The Homeland Security Department's US-VISIT system for cross-checking incoming foreign travelers against its biometric database is producing inadequate results, a Stanford University professor told a House panel Thursday.
"On the surface, biometric identification [from] the US-VISIT program appears to be highly effective," Lawrence Wein, a professor of management science, said in prepared testimony for the House Homeland Security Infrastructure and Border Security Subcommittee. An examination of the details, however, shows "it is very difficult to accurately match poor-quality images."
"Our study stems from the belief that terrorist organizations can exploit this observation by choosing U.S.-bound terrorists that have either poor image quality ... or deliberately reduced image quality," Wein said.
He disputed the government's claim of 96 percent success in matching terrorists listed in the database. "The currently implemented strategy has only a 53 percent chance of detecting a terrorist during U.S. entry," he said.
His research team at Stanford, however, found that "a minor software modification that allows the watch-list rule to vary with image quality can increase detection from 53 percent to 73 percent."
Wein also found that using a system that scans more than two index fingers "achieves a 95-percent detection probability." He acknowledged that switching to such a system would be costly but said "there is no excuse for a $10 billion program to settle for performance below this level."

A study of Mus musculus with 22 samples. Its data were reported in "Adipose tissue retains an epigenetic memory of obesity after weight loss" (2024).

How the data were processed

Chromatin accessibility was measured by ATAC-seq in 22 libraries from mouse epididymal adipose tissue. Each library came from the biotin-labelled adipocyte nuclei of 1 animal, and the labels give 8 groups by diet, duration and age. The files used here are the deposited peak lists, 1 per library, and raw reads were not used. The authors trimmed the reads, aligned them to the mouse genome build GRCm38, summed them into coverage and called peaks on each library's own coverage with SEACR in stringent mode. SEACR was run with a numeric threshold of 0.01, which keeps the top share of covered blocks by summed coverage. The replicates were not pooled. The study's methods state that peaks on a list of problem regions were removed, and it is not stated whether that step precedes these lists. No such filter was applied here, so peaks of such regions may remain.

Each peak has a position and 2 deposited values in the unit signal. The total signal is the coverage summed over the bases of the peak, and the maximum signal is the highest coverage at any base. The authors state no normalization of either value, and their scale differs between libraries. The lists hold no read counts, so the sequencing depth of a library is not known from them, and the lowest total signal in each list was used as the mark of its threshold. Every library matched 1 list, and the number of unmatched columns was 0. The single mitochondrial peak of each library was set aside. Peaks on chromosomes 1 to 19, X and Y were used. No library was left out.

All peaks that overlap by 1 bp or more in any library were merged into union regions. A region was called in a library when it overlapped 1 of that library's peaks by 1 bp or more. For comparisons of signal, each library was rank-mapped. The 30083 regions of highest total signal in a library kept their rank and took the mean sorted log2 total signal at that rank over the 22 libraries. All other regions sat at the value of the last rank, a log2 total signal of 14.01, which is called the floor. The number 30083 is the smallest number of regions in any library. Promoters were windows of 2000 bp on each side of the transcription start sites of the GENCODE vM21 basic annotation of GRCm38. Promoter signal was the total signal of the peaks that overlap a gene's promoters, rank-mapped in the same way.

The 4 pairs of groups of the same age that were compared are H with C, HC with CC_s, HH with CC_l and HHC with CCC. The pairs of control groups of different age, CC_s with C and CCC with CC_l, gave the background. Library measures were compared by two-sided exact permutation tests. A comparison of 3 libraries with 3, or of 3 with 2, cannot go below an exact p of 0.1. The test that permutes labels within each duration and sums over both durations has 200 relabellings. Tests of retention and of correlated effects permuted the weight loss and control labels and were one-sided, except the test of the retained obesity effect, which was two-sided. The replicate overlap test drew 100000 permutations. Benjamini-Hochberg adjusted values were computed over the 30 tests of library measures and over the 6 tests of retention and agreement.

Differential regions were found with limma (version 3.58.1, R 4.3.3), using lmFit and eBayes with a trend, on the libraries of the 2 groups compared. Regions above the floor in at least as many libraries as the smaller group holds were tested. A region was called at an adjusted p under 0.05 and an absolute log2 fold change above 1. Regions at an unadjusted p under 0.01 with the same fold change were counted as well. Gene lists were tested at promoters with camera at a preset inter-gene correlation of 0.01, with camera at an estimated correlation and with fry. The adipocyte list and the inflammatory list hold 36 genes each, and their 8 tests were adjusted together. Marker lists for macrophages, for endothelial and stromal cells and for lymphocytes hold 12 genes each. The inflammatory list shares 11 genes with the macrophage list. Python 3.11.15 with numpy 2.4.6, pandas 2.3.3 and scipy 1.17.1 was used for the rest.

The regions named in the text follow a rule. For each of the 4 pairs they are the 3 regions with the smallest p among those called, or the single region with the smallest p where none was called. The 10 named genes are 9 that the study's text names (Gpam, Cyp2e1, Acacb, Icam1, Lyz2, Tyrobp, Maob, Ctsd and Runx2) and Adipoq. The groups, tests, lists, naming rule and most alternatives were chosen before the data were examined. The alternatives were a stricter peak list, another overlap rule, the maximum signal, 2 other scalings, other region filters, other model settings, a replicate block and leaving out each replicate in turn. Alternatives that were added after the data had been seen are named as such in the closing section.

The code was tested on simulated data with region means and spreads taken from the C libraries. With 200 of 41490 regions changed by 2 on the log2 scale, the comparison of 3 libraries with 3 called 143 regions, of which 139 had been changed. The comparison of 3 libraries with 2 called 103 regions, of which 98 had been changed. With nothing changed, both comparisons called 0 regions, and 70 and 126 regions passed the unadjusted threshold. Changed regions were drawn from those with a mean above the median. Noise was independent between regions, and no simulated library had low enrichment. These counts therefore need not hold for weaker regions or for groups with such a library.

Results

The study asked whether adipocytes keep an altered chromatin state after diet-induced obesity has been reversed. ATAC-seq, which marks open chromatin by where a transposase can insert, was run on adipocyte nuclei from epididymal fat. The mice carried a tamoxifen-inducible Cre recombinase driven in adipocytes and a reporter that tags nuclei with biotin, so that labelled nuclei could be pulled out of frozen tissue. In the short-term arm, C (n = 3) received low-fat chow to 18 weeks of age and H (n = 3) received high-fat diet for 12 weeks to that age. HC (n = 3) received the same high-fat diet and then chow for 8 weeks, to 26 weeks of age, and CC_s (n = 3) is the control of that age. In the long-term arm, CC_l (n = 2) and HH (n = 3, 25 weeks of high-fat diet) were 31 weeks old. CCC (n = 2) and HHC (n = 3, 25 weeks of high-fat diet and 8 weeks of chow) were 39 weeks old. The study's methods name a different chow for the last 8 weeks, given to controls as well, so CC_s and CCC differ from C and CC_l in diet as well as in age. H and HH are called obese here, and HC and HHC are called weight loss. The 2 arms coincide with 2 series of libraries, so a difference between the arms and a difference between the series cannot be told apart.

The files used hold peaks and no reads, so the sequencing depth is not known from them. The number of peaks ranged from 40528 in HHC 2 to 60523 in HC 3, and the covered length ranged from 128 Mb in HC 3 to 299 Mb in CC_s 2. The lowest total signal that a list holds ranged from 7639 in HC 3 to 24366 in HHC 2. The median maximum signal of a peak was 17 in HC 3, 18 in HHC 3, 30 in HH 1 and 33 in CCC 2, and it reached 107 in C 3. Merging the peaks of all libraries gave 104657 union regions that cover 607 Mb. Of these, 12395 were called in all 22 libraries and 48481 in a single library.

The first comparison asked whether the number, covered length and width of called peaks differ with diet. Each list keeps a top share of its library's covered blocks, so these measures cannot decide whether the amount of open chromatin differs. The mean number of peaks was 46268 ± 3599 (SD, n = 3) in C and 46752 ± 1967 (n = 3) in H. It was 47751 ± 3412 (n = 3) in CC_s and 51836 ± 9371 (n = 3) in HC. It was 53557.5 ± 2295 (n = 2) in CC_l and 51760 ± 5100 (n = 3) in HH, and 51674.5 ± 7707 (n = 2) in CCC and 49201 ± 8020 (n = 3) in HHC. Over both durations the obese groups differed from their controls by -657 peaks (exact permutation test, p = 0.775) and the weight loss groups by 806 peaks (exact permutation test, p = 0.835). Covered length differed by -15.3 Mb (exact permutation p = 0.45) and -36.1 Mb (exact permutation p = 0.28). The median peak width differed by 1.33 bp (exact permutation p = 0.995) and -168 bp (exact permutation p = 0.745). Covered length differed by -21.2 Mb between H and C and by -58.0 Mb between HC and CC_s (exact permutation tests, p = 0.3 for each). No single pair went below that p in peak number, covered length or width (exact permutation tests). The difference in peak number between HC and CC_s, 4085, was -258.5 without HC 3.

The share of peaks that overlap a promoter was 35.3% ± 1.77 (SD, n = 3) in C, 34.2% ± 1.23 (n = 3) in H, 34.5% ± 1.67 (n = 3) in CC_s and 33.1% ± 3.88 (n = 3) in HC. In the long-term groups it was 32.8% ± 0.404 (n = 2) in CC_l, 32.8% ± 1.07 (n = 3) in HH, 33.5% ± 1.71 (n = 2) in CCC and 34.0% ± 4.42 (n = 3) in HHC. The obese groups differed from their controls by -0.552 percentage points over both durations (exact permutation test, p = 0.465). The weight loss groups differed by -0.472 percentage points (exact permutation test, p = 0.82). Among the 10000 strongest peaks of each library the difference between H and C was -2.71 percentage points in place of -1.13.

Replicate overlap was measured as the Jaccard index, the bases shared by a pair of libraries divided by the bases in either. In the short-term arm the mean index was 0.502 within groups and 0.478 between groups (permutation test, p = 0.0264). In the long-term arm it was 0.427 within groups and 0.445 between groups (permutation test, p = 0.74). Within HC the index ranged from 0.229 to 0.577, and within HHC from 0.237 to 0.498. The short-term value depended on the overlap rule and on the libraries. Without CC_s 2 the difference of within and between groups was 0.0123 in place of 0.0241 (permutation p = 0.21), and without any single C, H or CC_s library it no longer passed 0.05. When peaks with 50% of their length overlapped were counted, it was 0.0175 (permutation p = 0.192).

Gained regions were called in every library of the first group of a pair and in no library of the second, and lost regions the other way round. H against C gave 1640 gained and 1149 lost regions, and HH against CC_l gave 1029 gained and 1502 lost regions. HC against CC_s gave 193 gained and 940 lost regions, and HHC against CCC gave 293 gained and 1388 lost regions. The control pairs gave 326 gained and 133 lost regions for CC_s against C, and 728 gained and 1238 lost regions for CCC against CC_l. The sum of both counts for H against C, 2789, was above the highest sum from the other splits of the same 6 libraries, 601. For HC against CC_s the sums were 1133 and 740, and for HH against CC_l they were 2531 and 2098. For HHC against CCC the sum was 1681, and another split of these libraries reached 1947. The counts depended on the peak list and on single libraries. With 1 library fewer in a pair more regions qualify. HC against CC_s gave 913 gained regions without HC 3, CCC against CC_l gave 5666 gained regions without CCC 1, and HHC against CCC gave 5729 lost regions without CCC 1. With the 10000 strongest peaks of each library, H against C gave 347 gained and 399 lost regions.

"There is a serious but reparable vulnerability," he said. "In light of the meticulous planning that went into the" Sept. 11, 2001, terrorist attacks, it is likely the future terrorists will attempt to exploit U.S. government security systems.
"One of the concerns I have is making sure that there is a dedicated focus to ensure" that terrorists do not slip past security, said subcommittee Chairman Dave Camp, R-Mich. "It is unclear to me how well all of these resources are utilized and coordinated." Camp called for a multi-faceted approach that does not spread the resources of the department too thin.
Ranking Democrat Loretta Sanchez of California accused federal authorities of employing an "inconsistent strategy." Despite claims of improvements, she said, "the facts don't always match up to these claims." She cited the placement of Sen. Ted Kennedy, D-Mass., on the "no-fly" list of potential terrorists.
"We are reviewing how travel documents are produced and reviewed so that we can better detect altered and counterfeit documents ... and exploring ways to share data with our counterparts that can help identify and thwart terrorists," said C. Stewart Verdery, assistant secretary for border and transportation security at the Homeland Security Department.
Verdery said the department has "successfully integrated" databases from various agencies for US-VISIT.